Intent on getting a modern, mass-transit system in Glendale, city officials have pledged to help pay for it locally, including funds from business, in hopes of swaying the Los Angeles County Transportation Commission to put Glendale in its plans.
The commission has the authority to dole out $140 billion in local, state and federal transit money over the next 30 to 40 years. Its decisions, to be made within a few months, will determine what areas of the county will benefit from transit improvements.
So far, the commission has given little priority to transit needs in Glendale.
City officials said they are determined to change that.
They have been meeting with commission members for the last few weeks and more individual sessions are scheduled, City Manager Dave Ramsay said.
Last week, Glendale Mayor Ginger Bremberg, backed by a contingent of city officials, appeared before the commission to pledge that the city is willing "to put our money where our mouth is."
She said the city already has spent $11.2 million in transit improvements geared to the regional system, such as purchase of the historic Southern Pacific train station for renovation and expansion as the city's Transportation Center and develop the free Beeline downtown shuttle service.
Bremberg said the city is prepared to allocate future revenues from the Proposition A and Proposition C transit taxes, the formation of a proposed new redevelopment zone in the Grand Central industrial area and other avenues to raise money toward building a light-rail system.
Bremberg said private businesses have pledged their help. For instance, she said, Walt Disney's Imagineering, the city's largest employer with 3,000 workers at offices in the industrial area, is among supporters.
Imagineering is responsible for the design and development of theme parks throughout the world. Alan Epstein, vice president of Disney Development Co., said, "We are very interested in mass transit, and we are working closely with the city."
Bremberg said local officials are hoping that if they raise enough money, they can pique the interest of the commission and gain greater priority for development of light rail in Glendale.
"Consider me a dutiful bride with a dowry," Bremberg told commissioners at a hearing June 26. Commission Chairman Ray Grabinski said Glendale's pledge "could show the other 86 cities in the county what opportunities exist" for innovative transit development.
Glendale's pledge of private funding for transit development is nothing new--almost all railroads in the United States were built privately--but the idea, at least, is considered innovative in current times, said Martin Markovich, associate transportation planner for the Southern California Assn. of Governments.
"It wouldn't be an entirely new concept, but it has not been applied extensively in the last 20 years or so," Markovich said. "We are all looking with a lot of interest on this possibility."
Glendale is lobbying for a light-rail transit line paralleling the Southern Pacific railroad tracks along San Fernando Road. The existing tracks already are scheduled to be used within about two years for commuter rail service between the Santa Clarita Valley and Simi Valley to Glendale and downtown Los Angeles.
A second set of tracks would be built for light-rail transit, extending the Long Beach to Los Angeles Blue Line through Glendale. It would stop at the Transportation Center at 400 W. Cerritos Ave., at a second proposed station in the Grand Central industrial area, and continue to Burbank Airport.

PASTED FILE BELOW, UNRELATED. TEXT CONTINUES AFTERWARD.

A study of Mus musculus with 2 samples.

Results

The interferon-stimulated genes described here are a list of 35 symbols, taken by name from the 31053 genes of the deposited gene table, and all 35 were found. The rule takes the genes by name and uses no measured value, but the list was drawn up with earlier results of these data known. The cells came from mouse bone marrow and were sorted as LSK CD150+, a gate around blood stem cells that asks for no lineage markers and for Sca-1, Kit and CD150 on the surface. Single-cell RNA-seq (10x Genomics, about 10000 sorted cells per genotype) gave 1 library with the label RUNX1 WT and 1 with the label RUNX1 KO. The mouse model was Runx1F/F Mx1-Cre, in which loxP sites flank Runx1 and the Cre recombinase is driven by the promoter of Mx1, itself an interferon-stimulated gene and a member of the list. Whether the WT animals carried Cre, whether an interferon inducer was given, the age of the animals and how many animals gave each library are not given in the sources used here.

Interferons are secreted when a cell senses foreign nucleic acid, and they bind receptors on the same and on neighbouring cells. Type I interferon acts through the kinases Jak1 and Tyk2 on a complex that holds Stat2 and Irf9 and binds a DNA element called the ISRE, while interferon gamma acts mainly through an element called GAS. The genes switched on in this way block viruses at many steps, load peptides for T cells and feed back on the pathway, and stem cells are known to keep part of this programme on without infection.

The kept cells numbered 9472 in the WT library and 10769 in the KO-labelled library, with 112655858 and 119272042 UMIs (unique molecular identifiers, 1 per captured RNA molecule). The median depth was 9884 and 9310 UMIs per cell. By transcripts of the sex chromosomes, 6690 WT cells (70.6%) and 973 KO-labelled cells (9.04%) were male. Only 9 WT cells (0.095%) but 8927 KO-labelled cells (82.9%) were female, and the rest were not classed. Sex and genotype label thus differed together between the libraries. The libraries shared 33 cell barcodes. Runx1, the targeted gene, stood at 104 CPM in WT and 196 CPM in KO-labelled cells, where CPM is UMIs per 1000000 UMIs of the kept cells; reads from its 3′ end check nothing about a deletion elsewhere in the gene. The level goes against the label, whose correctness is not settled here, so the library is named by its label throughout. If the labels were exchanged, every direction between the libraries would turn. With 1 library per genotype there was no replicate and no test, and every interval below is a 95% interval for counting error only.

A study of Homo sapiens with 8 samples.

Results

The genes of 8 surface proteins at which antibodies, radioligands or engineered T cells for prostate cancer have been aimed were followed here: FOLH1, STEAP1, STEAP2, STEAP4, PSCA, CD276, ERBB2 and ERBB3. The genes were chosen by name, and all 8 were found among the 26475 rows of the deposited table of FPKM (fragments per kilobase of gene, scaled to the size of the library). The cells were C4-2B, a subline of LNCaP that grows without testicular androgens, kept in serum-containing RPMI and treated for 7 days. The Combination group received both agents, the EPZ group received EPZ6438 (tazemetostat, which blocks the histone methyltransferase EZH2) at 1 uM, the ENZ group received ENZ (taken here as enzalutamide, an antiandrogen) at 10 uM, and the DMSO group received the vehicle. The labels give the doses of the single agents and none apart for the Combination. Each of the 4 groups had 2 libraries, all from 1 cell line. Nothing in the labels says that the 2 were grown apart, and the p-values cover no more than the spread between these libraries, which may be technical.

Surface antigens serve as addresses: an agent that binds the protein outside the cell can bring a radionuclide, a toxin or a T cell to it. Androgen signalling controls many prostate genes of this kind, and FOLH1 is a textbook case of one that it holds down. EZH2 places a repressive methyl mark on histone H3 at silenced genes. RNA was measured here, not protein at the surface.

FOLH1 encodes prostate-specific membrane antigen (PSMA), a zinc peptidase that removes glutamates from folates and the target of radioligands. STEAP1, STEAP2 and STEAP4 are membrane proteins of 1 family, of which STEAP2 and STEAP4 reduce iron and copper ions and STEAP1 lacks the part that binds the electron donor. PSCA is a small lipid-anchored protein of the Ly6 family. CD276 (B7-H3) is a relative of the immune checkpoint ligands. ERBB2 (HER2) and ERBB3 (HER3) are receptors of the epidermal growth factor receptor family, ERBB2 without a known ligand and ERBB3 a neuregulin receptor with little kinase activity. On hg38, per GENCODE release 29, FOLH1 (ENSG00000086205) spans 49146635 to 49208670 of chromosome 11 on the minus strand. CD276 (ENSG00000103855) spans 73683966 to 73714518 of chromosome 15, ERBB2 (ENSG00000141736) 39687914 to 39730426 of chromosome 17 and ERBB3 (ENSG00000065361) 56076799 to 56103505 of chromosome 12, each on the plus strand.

The Transportation Commission already has purchased a portion of Southern Pacific's Taylor Yard freight train facility, just outside Elysian Park and two miles south of Glendale's border, to be used as a regional equipment maintenance yard for the light rail system.
Commission officials estimate that the cost of extending the light-rail line from Taylor Yard 5 1/2 miles north through Glendale is about $200 million.
However, no funds are set aside for development of the Glendale line in the commission's draft report of its so-called "30-Year Plan," released in May.
In contrast, the draft report recommends greater priority be given to extending the Blue Line 14.7 miles to Pasadena through Eagle Rock--estimated to cost $688 million.
A proposed east-west line through the San Fernando Valley--estimated to cost $3 billion for 14 miles, according to the commission--also has greater priority. Meantime, the Valley line has been riddled with controversy as residents have voiced their opposition to proposed routes.
Glendale, which has been given low priority since the commission first announced proposed routes in 1983, in the last few years has worked hard to improve its status.
City officials have formed a coalition with Burbank and Pasadena with the hopes of flexing the powerful political muscles of a populace of 500,000.
"It's important that we become politically active in order to influence the commission," said Councilman Carl Raggio, who helped form the Tri-City Transportation Coalition two years ago. "They can be influenced by the size of our three cities and tend to listen more."
"We're somewhere way out in the 30-year plan and that's very frustrating," Ramsay said. "We think Glendale is a key in the transportation system in Los Angeles. We're the third-largest city in the county. We thought that if we offered to put up some money, they would listen to us."
Bijan Yarjani, principal planner for the Southern California Assn. of Governments, said Glendale's financial pledge may be a key to funding in the future.
"All you have to do is look at the state budget and the lack of funding," Yarjani said. "We have to look at the possibilities of joint development strategies.
"If we are going to grow as much as we say we will, we will need more money than what is available to us for the next 25 years, just to keep the level of mobility the same as it is today."